Saturday, March 29, 2008

Zia Pueblo

Zia Pueblo, E. Shije PotI spent most of today at Zia Pueblo on a trip with Friends of Archaeology (a support committee for the Museum of New Mexico Office of Archaeological Studies). Zia is located about 60 miles southwest of Santa Fe, with the main village on a mesa high above the Jemez River. It is a "humble" pueblo (according to the governor, Ivan Pino, who personally welcomed our group with a moving speech). Unlike many other pueblos in this area, it does not have a casino/resort on its lands. The pueblo earns income from a pipeline which runs through pueblo lands, a gypsum mine, and through making its lands available for movie filming.

The pueblo originated the Zia sun symbol which is now used as a symbol for the state of New Mexico, and will appear on the New Mexico quarter, which is being released on April 7. ZIa SUn Symbol

The symbol has two parts--the circle and the rays. The circle represents the sun and also the circle of life. The rays which project in the four directions, and each have four lines, represent the four directions (N, E, S, and W), the four stages of life, the four seasons, the four periods of the day, etc. Four is a sacred number for the Zia people--for example, Governor Pino told us they dance for four days at Easter.

We had a unique chance to have a guided tour with Ulysses Reid, the Cultural Preservation Coordinator for the pueblo. He took us to a site of a former pueblo which has completely melted, leaving mounds and scattered rocks where 3,500 people once lived in multi-story dwellings. The amazing thing to me was that you could walk around this area and see bits of pottery all over the ground which date from about 600 years ago. (I guess that's what happens when tourists don't scavenge the life out of a space.)

We also toured the lovely church, built in 1612, which honors Our Lady of the Assumption, and had a chance to meet a number of pueblo artists who make the beautiful Zia pottery. This pottery is red clay with a white slip, and often decorated with a bird motif--a straight-beaked, bent-legged bird. The photograph above is of the charming little pot I bought from artist E. Shije. We saw where the artists dig their clay, just outside the village, and where they gather the ash for the slip. The artist also told me that she paints the designs with brushes made out of the yucca plant.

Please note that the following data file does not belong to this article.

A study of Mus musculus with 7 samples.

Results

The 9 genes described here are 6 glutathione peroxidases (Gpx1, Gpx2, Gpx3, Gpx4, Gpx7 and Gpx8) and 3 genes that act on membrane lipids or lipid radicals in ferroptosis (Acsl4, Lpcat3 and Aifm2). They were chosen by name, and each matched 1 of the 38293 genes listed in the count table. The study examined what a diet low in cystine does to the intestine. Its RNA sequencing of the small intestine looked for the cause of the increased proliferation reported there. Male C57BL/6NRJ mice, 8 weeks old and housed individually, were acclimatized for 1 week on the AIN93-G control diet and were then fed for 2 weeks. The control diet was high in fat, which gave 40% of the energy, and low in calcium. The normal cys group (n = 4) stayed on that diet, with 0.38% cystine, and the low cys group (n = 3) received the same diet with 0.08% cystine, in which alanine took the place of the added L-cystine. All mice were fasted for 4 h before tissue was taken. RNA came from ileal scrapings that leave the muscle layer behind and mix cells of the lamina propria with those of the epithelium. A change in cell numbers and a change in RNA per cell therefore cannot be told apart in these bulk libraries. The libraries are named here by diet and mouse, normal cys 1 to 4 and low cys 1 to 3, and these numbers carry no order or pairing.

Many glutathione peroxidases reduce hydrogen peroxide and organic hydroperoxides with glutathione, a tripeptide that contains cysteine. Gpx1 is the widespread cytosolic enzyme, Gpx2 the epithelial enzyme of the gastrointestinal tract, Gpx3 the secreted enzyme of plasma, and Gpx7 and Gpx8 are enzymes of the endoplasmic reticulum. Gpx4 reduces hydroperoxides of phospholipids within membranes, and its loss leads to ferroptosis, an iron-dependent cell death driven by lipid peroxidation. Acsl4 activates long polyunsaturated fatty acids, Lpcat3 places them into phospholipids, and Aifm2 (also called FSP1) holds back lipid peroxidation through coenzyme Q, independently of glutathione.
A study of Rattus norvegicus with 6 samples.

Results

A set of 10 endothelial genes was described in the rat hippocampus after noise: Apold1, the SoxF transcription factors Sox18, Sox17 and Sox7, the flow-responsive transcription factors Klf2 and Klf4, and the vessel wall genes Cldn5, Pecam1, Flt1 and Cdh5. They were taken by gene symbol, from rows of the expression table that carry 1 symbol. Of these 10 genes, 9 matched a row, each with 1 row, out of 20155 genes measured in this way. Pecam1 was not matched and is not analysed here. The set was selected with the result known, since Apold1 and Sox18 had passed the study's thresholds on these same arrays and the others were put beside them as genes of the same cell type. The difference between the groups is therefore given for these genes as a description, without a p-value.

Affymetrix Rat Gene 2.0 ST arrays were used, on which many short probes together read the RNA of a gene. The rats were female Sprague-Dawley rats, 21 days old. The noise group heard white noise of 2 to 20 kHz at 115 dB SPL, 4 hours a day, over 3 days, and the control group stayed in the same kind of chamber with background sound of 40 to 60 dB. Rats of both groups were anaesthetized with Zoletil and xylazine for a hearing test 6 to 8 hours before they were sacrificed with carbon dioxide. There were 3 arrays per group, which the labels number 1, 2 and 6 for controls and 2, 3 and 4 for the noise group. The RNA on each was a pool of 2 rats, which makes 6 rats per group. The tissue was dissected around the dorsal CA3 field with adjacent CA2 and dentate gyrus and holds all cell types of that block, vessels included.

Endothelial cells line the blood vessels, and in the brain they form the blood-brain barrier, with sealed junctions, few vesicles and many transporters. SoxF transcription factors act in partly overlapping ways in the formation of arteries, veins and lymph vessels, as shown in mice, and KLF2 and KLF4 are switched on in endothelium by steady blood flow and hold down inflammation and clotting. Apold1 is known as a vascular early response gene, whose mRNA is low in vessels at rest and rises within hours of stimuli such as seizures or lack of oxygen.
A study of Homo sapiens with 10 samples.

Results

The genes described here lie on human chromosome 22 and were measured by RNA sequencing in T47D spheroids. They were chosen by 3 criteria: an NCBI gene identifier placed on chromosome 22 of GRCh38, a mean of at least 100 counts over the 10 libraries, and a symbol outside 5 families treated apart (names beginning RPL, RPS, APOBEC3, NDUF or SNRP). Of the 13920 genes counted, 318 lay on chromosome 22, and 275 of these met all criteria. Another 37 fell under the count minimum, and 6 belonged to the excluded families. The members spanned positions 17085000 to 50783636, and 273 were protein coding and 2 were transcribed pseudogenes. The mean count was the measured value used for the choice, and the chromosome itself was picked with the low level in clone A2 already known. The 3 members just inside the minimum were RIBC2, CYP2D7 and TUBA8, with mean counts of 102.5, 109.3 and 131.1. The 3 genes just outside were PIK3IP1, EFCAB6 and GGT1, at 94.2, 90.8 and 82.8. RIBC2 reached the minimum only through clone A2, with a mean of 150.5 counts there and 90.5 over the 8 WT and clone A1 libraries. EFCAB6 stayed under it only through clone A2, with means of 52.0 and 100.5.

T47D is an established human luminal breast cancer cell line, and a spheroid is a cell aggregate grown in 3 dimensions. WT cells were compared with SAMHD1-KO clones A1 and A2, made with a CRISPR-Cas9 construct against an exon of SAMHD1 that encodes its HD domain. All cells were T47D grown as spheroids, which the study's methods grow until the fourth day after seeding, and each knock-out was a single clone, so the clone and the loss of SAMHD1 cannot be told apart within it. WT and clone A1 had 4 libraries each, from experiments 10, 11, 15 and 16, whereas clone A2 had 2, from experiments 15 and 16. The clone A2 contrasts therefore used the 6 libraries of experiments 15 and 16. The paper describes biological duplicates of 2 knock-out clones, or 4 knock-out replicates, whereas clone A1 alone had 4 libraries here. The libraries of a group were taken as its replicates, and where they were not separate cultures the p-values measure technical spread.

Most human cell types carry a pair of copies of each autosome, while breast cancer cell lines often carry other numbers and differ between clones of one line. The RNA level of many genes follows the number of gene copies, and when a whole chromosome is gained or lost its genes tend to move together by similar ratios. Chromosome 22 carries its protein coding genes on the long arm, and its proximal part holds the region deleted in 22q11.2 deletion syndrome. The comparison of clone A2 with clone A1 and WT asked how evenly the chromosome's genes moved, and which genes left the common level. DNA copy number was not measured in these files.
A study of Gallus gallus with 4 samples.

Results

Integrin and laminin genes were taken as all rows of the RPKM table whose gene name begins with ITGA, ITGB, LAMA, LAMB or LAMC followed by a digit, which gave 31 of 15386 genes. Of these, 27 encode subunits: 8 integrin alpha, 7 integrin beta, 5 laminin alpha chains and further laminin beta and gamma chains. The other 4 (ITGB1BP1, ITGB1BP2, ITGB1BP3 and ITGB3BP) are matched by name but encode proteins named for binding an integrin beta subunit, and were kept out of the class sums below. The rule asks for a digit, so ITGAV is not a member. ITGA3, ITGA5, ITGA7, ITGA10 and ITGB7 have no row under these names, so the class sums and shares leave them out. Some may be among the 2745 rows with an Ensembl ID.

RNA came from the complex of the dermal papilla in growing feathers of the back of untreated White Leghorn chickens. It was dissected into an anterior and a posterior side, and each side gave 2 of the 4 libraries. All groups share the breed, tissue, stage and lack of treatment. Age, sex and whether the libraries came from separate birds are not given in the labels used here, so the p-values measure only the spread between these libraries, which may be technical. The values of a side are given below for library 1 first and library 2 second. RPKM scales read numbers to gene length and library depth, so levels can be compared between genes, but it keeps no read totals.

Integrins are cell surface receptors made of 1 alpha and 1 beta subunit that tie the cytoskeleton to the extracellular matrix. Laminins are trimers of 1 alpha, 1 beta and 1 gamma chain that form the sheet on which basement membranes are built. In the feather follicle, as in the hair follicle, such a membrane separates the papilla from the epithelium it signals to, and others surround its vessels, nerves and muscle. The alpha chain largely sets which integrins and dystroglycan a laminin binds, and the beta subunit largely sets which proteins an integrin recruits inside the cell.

Then we returned to the Senior Center at the pueblo where the youth group served us a wonderful lunch. (Half of our registration fee for the event went to the pueblo as a donation to their youth group's activities--the kids are saving for a trip to a youth conference this summer.)

For a different kind of Zia art, refer to my post of January 2. The illustrations therein were all done by Velino Shije Herrera (also known as Ma-Pe-Wi, or "Oriole Egg") of the Zia Pueblo.

Monday, March 17, 2008

Will San Ildefonso Women Get the Right to Vote?

San Ildefonso Pueblo, Gilbert AtencioThe illustration, "Women with Water Jars", was painted by Gilbert Atencio from the San Ildefonso Pueblo in the 1960s.

Native Americans--both men and women--were among the last group of Americans to be allowed to vote. The Indian Citizenship Act of 1924 declared Indians to be citizens (and therefore eligible), but state laws kept most Indians off the voting rolls for many years. New Mexico was, unhappily, the last state in the country to permit Native Americans to vote (1962).

But despite a 46-year history of voting in state and federal elections, the women of San Ildefonso Pueblo are not permitted to vote in pueblo elections.

Now that might change.

According to tribal councilman Terrance Garcia, who described the pueblo's governing processes to a reporter for an article in the February 22 Santa Fe New Mexican, "San Ildefonso is governed by a general council which includes all male tribal members over the age of 18. That council elects tribal officers and a 13-member tribal council."

Garcia goes on to say: "Most men do consult with their ladies and their women to get a clear grasp of what the pueblo needs. Hopefully, in the next few years, this pueblo will go the route of letting women vote."

Well that's just a teeny bit patronizing, isn't it? It's all about the little women behind the scenes. . . I found it astonishing in this day and age that there were still women in America who were disenfranchised in this way, and that the men of the pueblo could talk about "letting" women vote. Aren't there any women in the pueblo who just want to assert themselves to make this happen?

Wednesday, March 05, 2008

Santa Fe Sunset

Santa Fe SunsetThis time of the year I am usually on my way home from work during sunset. We get about 300 days of sunshine a year in New Mexico, and nearly as many beautiful sunsets. I'm still not jaded by them--had to pull over by the side of the road and take this photo earlier this week. It's something about the colors and the elongated clouds and the silhouettes and the 180 degree view. (And if you catch it right, you get a few minutes of reflected glow off the mountains in the east--so the whole world is rose-colored.)